When I held a six-pack of soda as an impromptu melee weapon, I knew Left 4 Dead 2 would treat me well. Clutching Cokes, my teammates and I were fleeing the Save 4 Less mini-mart we'd busted into moments before, and the damn alarm was acting as the dinner bell for dozens of lurching unpeople. This wasn't our idea of a good time, but we owed a parched gunshop owner a favour: he'd let us walk away with whatever shotguns, laser-sighted assault rifles and high-calibre pistols our 'Use' keys would let us carry. So I trotted on, gunless, wondering if too many melee attacks would over-carbonate the bottles, yelling at my teammates to cover my ass on the most insane, ill-advised escort mission ever.
As a team of cocky Left 4 Dead veterans (with me as Nick, the riverboat gambler), the first thing we did in the sequel to Valve's huge-selling zombie co-op shooter was crank up the difficulty to Advanced. That proved to be a tactical error: after two hours of trying to beat the inspired final battle of the first of five campaigns, Dead Centre, we gave in and toned it down a notch.
Regardless of success or failure, we were loving every minute of it. Everything is fresh. You don't always know which way to go. Panic takes hold. Waves of Infected come unpredictably, and mixed teams of several Special Infected arrive simultaneously. You think on your feet. You make mistakes.
Mistakes, and desperate attempts to recover from them, produce some of the best, most thrilling moments of Left 4 Dead. Valve understand and capitalise on the fun created by emergent play and the freedom to experiment. The new melee weapons encourage daredevil tactics, new Infected varieties drive survivors from their safe corners and closets, many of the new finales are more imaginative than any in L4D1, and a new mode will steal more hours from your evenings than Versus, the campaign, or Survival (and possibly all of them combined). Clean, predictable zombie-killing is out. Cooperative calamity is in.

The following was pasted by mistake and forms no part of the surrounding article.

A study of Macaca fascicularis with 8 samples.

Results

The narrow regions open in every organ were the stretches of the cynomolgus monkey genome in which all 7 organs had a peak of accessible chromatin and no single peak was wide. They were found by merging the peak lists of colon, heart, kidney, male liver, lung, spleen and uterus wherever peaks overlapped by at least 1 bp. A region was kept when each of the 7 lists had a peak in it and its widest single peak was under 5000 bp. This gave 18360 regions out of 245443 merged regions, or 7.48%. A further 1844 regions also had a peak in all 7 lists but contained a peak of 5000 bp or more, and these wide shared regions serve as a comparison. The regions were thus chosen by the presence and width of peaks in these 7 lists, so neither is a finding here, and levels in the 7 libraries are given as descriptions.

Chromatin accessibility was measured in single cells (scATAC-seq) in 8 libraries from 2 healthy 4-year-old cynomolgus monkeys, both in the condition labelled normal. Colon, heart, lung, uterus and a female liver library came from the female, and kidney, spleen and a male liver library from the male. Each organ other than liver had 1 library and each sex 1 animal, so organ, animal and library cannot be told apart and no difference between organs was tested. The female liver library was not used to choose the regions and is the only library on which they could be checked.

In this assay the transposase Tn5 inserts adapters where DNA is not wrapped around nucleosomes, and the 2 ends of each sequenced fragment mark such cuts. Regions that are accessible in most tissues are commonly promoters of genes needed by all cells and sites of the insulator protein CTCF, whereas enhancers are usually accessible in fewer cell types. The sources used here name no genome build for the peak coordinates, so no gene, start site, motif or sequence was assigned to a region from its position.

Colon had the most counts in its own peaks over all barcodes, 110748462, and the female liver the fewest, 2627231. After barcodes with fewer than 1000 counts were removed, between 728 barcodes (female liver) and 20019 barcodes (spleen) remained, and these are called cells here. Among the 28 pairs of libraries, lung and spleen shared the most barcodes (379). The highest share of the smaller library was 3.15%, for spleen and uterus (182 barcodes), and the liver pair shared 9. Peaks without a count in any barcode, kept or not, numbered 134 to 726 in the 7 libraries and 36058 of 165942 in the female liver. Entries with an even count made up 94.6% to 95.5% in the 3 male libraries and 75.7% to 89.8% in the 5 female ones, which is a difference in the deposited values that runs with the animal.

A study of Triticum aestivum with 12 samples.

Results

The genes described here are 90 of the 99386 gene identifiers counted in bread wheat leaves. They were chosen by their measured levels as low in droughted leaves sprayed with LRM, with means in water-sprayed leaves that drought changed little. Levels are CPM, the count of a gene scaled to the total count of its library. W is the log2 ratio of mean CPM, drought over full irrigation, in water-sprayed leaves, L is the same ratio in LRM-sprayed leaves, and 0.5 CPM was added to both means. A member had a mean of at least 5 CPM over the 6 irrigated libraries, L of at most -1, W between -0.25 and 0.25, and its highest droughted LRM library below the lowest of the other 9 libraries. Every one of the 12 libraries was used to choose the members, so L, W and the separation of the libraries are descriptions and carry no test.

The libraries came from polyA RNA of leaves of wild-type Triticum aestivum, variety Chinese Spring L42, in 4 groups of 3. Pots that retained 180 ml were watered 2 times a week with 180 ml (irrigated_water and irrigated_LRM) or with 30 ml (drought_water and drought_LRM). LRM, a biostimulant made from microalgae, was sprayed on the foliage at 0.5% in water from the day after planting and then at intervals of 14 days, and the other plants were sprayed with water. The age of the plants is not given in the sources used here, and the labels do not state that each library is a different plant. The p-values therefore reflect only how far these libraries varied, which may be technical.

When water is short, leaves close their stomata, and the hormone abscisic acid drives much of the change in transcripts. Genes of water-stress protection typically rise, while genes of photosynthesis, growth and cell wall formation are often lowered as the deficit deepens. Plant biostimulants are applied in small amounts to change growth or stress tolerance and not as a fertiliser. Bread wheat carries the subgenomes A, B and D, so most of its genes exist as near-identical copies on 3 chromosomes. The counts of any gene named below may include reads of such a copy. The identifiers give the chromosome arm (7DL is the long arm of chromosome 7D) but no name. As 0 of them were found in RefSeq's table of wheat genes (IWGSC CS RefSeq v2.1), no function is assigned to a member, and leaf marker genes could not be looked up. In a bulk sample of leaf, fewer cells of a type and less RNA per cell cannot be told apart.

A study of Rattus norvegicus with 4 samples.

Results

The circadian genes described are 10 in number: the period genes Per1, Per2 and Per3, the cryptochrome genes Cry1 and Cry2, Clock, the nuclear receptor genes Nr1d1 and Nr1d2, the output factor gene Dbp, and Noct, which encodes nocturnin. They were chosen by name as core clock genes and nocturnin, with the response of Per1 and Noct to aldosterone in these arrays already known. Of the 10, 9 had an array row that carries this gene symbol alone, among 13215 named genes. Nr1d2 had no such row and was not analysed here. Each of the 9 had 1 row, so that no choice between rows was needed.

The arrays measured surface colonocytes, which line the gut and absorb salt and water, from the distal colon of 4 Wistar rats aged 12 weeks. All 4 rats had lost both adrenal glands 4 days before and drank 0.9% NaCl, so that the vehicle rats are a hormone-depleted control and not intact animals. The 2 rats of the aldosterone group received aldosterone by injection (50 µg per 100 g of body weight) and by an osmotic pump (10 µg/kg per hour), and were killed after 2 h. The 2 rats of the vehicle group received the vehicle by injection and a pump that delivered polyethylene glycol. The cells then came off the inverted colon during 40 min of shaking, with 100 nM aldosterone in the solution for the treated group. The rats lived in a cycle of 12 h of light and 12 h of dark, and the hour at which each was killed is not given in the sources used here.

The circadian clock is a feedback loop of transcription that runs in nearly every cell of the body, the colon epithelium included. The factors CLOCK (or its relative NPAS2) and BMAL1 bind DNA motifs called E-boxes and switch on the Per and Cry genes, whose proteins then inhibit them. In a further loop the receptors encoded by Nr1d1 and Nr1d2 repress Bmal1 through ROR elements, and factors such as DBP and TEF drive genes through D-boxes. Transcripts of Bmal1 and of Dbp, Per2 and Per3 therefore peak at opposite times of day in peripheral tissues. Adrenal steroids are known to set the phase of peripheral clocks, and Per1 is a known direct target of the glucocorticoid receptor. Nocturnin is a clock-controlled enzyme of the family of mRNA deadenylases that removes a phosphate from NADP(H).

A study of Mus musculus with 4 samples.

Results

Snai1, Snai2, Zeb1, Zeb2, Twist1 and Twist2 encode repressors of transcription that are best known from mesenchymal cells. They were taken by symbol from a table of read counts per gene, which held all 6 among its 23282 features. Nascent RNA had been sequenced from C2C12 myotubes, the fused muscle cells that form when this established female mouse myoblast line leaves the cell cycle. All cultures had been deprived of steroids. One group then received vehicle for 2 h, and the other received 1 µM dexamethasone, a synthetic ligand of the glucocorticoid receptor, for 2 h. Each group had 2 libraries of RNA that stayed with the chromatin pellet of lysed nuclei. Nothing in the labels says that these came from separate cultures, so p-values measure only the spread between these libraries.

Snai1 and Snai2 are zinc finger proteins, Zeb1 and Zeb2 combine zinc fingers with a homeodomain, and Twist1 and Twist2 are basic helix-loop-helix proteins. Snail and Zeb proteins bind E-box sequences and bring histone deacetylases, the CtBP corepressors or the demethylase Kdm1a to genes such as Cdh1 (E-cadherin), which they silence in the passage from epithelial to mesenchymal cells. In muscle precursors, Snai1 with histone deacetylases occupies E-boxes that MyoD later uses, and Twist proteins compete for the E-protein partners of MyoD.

L4D2's core philosophy is to drag you, kicking and screaming, out of your comfort zone, and that couldn't be more welcome: the original allows survivors to dig in, fending off huge numbers of Infected far too effectively, so the larger, potentially panic-inducing moments can be worked around. One of the biggest factors that will keep L4D2 unpredictable far longer than its predecessor is the arrival of three new Special Infected types. The Spitter, the Charger and the Jockey all contribute new harassment mechanics, and terrifying new combos in conjunction with the four familiar Specials. (Who return unchanged, except for alternate character models, like the disgusting female Boomer I call Helga.) The dizzying number of potential combinations means that even experienced players are more likely to be caught off-guard, and that uncertainty puts delicious fear into you every time you round a corner.
Melee weapons are the biggest mechanical change to combat, and definitely for the better. Clutching a katana blade, machete, chainsaw, police baton, cricket bat, frying pan, or the signature Valve crowbar is guaranteed to put a mischievous grin on your face, and swinging like a madman enables you to run headlong into hordes with confidence, defend doorways, mutilate climbers and generally act like a madman. Cleaving away withered appendages shows off the awesome variety of zombie death animations, complete with gore-geous ragdoll physics and a new dismemberment system that models loss of limbs to perfection.
Common infected become more than fodder - they're piņatas, existing to generously bleed, animate and fragment with mortal confetti. Picking up a melee weapon is well worth sacrificing your backup pistol. My only disappointment was the lack of distinction as to how the new zombie-carving utensils part zombies from their limbs. Other than subtle differences in their swinging arcs and attack speeds, a frying pan kills a lot like a katana.